The UK’s first full-sized autonomous bus will be trialled in Scotland this month to prepare for a pilot service in the summer. On-road tests have been given the green light following successful depot trials, track tests, and virtual simulations.
The buses, designed by engineers at Fusion Processing, work using ground-breaking new technologies; intuitive sensors and a CAVstar control system. These functionalities mean the buses can drive on pre-programmed routes without the need for a safety driver.
The CAVstar system uses complex processors to run proprietary algorithms, working in conjunction with sensory radars, ultrasonics, and optical cameras to provide a full 360° situational awareness. This technology allows the bus to analyse and understand its environment, anticipate the movement of other vehicles or pedestrians, plot a safe course, and generate the necessary inputs to the steering, braking, and throttle.
The vehicle’s intuitive features allow autonomous controls to run on SAE Level 4, this means that the driverless technology can intervene appropriately if things go wrong or if there is a system failure. The project, named CAVForth, will be part-funded by the Centre for Connected and Autonomous Vehicles (CCAV) in partnership with Stagecoach and is estimated to cost around £6.1m.
If the on-road trials prove successful, the proposed CAVForth pilot will see five autonomous buses operating a 14-mile route across Forth Road Bridge between Ferrytoll Park and Ride in Fife and the Edinburgh Park Train and Tram interchange. The buses will be capable of carrying up to 36 passengers, with a capacity of over 10,000 passengers each week.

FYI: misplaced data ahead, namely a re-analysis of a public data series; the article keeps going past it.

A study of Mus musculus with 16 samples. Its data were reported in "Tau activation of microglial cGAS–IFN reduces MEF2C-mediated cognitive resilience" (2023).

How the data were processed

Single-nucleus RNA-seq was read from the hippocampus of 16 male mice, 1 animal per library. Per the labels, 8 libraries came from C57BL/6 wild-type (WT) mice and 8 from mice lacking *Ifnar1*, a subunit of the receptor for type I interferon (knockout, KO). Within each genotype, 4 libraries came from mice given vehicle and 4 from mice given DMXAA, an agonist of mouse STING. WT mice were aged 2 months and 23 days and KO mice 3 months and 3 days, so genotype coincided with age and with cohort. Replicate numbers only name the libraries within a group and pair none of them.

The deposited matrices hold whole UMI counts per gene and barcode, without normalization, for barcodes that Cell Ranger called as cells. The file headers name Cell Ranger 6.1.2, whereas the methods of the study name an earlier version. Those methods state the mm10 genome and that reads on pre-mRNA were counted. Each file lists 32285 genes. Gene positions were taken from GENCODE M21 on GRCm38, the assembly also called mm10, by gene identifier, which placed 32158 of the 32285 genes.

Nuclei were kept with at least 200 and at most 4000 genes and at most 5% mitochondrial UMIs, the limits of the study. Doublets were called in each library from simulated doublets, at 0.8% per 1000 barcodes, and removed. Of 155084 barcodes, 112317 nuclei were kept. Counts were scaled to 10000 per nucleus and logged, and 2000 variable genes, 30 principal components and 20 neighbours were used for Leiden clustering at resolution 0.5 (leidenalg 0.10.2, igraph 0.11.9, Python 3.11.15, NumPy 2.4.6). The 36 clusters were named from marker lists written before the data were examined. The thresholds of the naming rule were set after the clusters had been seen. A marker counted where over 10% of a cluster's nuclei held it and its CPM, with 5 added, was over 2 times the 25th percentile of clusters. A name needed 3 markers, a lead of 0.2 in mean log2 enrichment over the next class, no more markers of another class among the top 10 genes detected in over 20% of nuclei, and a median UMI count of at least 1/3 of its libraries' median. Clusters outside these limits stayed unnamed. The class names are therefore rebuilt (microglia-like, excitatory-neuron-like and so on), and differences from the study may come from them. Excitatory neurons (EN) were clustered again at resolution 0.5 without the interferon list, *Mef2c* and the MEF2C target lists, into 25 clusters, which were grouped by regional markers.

The switch to driverless technology is likely to raise some controversy as building trust in automated buses will take time. In a survey of 500 members of the public, one of their main recommendations was to ensure that autonomous services still have a member of staff on board.
The trial is set to be a landmark demonstration of future technologies. By explaining and exhibiting the successful operation of a driverless service, the project will help to build trust in these future technologies.
Sam Greer, regional director for Stagecoach in Scotland, said: “This is a hugely exciting project for Scotland and we are pleased to be starting live testing on roads today. This is a major step forward in our journey to fully launch the UK’s first full-sized autonomous bus service and will provide easy access to a brand-new bus route in the heart of East Scotland.”